As a parent of school age children I know that summer’s end means attention is on the start of the new academic year.
I’ve been working with groups such as Save the Children and the Department for Education to ensure all our children can have the best possible start in life.
Not enough of our young people are reaching expected levels of speech and language at age five. I’ve previously worked with this charity on their initiatives to close the gender attainment gap and their efforts to improve standards of literacy among primary school children. I look forward to continuing to work with the organisation in the new parliament.
On the wider issue of support for schools, I’ve been following up with the Education Secretary and Crawley headteachers ahead of details due next month on an increase for education funding.
In July, it was confirmed that a National Funding Formula will be introduced from 2018-19, and that an additional £2.6 billion will go towards funding schools over the next two years across England.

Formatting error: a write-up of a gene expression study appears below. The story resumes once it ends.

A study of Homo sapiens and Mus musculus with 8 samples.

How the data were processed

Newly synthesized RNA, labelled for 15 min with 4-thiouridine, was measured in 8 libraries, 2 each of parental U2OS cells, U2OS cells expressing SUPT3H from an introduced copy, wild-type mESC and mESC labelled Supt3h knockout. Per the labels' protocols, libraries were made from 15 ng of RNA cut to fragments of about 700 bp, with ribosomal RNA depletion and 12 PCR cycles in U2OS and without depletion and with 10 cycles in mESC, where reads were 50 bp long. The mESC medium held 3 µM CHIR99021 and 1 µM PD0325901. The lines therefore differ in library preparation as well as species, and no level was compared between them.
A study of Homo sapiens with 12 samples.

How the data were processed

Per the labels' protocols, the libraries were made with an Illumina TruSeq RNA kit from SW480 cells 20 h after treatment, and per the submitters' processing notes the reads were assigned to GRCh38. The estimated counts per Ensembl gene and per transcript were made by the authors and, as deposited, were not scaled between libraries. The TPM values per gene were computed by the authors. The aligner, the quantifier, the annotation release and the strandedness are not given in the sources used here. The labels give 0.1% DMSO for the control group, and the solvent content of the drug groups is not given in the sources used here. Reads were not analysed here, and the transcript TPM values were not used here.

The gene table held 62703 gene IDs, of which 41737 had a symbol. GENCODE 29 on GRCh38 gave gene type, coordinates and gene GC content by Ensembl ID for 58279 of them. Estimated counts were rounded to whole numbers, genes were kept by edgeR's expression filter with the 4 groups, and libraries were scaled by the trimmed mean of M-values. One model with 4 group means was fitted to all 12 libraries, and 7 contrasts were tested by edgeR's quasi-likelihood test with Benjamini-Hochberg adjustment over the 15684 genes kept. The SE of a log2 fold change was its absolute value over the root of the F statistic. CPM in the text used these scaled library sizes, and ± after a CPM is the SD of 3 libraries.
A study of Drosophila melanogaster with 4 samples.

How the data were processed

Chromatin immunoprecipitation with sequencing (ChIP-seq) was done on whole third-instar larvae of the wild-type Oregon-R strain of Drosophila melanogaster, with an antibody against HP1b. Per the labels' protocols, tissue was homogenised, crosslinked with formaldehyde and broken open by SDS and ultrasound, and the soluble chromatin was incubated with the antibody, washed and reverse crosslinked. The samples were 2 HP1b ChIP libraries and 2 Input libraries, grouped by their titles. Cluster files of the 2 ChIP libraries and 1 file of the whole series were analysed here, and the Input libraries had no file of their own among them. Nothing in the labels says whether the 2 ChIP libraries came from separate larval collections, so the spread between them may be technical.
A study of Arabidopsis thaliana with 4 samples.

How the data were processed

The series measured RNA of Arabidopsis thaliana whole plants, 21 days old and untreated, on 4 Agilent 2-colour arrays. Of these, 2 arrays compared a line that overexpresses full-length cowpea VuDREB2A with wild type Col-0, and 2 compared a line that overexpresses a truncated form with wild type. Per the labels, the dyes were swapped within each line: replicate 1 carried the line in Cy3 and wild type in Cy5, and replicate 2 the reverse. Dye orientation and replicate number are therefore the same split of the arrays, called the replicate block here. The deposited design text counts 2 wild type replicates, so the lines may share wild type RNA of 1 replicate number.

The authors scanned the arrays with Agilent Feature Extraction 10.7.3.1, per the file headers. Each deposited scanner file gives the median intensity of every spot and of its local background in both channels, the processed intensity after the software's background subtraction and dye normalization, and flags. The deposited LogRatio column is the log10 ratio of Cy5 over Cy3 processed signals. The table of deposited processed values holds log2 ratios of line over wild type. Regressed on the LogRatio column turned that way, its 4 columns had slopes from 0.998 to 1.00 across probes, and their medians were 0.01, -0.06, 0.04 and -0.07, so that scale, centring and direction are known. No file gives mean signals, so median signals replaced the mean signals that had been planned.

This represents £1.3 billion in additional investment, is £416 million more than the amount pledged at the last Spending Review for the core school budget in 2018-19, and is £884 million more in 2019-20. Core funding for schools and high needs will rise from almost £41 billion in 2017-18 to £42.4 billion in 2018-19, and to £43.5 billion in 2019-20.
Last month I questioned the Secretary of State for Education in the Commons on support for local schools and was pleased to get assurances that capital funding for necessary rebuilding improvement work at local schools must also carry on unaffected.
How this money is spent is down to headteachers and their staff. While there are 1.8 million more pupils being taught in good or outstanding schools compared to seven years ago, there is still more to be done to improve the life chances of our young people.
This is a cause I continue to pursue alongside other West Sussex MPs with the Department for Education.